Among the great civilizations of the world, Islam remains an enigma to Western readers. Now, in a beautifully illustrated historical atlas, noted scholar of religion Malise Ruthven recounts the fascinating and important history of the Islamic world.
From the birth of the prophet Muhammed to the independence of post-Soviet Muslim states in Central Asia, this accessible and informative atlas explains the historical evolution of Islamic societies. Short essays cover a wide variety of themes, including the central roles played by sharia (divine law) and fiqh (jurisprudence); philosophy; arts and architecture; the Muslim city; trade, commerce, and manufacturing; marriage and family life; tribal distributions; kinship and dynastic power; ritual and devotional practices; Sufism; modernist and reformist trends; the European domination of the Islamic world; the rise of the modern national state; oil exports and arms imports; and Muslim populations in non-Muslim countries, including the United States.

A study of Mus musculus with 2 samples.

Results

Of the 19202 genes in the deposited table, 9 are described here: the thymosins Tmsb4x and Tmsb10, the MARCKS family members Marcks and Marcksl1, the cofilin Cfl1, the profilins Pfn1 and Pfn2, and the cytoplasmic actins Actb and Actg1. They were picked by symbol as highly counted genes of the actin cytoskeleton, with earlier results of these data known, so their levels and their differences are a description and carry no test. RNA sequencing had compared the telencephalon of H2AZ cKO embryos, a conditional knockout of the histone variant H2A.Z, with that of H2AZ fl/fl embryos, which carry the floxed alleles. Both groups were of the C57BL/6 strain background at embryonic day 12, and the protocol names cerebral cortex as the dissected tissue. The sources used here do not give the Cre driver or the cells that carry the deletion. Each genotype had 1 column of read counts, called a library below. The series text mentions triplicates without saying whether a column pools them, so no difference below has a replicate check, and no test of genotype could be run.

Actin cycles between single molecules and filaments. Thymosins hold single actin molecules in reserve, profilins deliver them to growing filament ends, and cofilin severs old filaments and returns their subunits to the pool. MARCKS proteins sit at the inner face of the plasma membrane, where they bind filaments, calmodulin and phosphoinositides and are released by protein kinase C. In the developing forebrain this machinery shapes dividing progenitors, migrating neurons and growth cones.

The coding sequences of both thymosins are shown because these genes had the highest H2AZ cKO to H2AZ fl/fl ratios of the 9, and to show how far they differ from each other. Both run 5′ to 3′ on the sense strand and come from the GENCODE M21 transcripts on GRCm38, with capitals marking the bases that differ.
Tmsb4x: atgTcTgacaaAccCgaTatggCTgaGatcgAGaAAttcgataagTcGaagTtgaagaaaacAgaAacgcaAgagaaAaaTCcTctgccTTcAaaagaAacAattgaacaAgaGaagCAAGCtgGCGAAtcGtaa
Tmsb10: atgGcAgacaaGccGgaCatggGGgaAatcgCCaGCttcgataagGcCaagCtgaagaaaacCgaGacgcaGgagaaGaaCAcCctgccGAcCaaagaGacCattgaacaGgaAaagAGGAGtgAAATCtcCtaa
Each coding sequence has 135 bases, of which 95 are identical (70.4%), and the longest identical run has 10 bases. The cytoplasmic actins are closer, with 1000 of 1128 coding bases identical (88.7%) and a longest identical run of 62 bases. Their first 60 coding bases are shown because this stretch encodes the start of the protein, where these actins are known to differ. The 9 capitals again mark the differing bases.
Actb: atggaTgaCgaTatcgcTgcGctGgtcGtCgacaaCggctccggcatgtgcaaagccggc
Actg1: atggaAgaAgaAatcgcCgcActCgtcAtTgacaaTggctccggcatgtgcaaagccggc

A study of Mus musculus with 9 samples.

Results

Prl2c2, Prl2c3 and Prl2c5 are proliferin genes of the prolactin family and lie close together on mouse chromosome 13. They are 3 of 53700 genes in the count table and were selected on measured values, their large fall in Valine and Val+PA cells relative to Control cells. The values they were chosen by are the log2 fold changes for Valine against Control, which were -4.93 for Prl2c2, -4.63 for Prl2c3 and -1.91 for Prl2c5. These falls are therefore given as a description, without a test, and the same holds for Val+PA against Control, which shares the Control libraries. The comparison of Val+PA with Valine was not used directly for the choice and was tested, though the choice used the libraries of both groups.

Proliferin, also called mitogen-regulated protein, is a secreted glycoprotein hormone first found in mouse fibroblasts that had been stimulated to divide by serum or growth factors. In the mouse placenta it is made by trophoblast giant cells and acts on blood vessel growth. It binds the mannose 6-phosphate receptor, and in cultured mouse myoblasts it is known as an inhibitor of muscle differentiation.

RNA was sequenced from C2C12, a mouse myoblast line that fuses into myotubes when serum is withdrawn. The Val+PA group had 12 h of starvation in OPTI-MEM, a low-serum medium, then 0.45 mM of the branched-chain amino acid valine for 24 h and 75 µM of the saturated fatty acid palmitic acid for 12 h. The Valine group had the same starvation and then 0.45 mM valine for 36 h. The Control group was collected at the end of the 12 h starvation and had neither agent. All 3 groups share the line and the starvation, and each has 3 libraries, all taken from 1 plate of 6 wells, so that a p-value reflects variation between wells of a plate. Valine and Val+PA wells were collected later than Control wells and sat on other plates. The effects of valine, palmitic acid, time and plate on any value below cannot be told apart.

Lucid and inviting full-color maps chronicle the changing internal and external boundaries of the Islamic world, showing the principal trade routes through which goods, ideas, and customs spread. Ruthven traces the impact of various Islamic dynasties in art and architecture and shows the distribution of sects and religious minorities, the structure of Islamic cities, and the distribution of resources. Among the book's valuable contributions is the incorporation of the often neglected geographical and environmental factors, from the Fertile Crescent to the North African desert, that have helped shape Islamic history.
Rich in narrative and visual detail that illuminates the story of Islamic civilization, this timely atlas is an indispensable resource to anyone interested in world history and religion.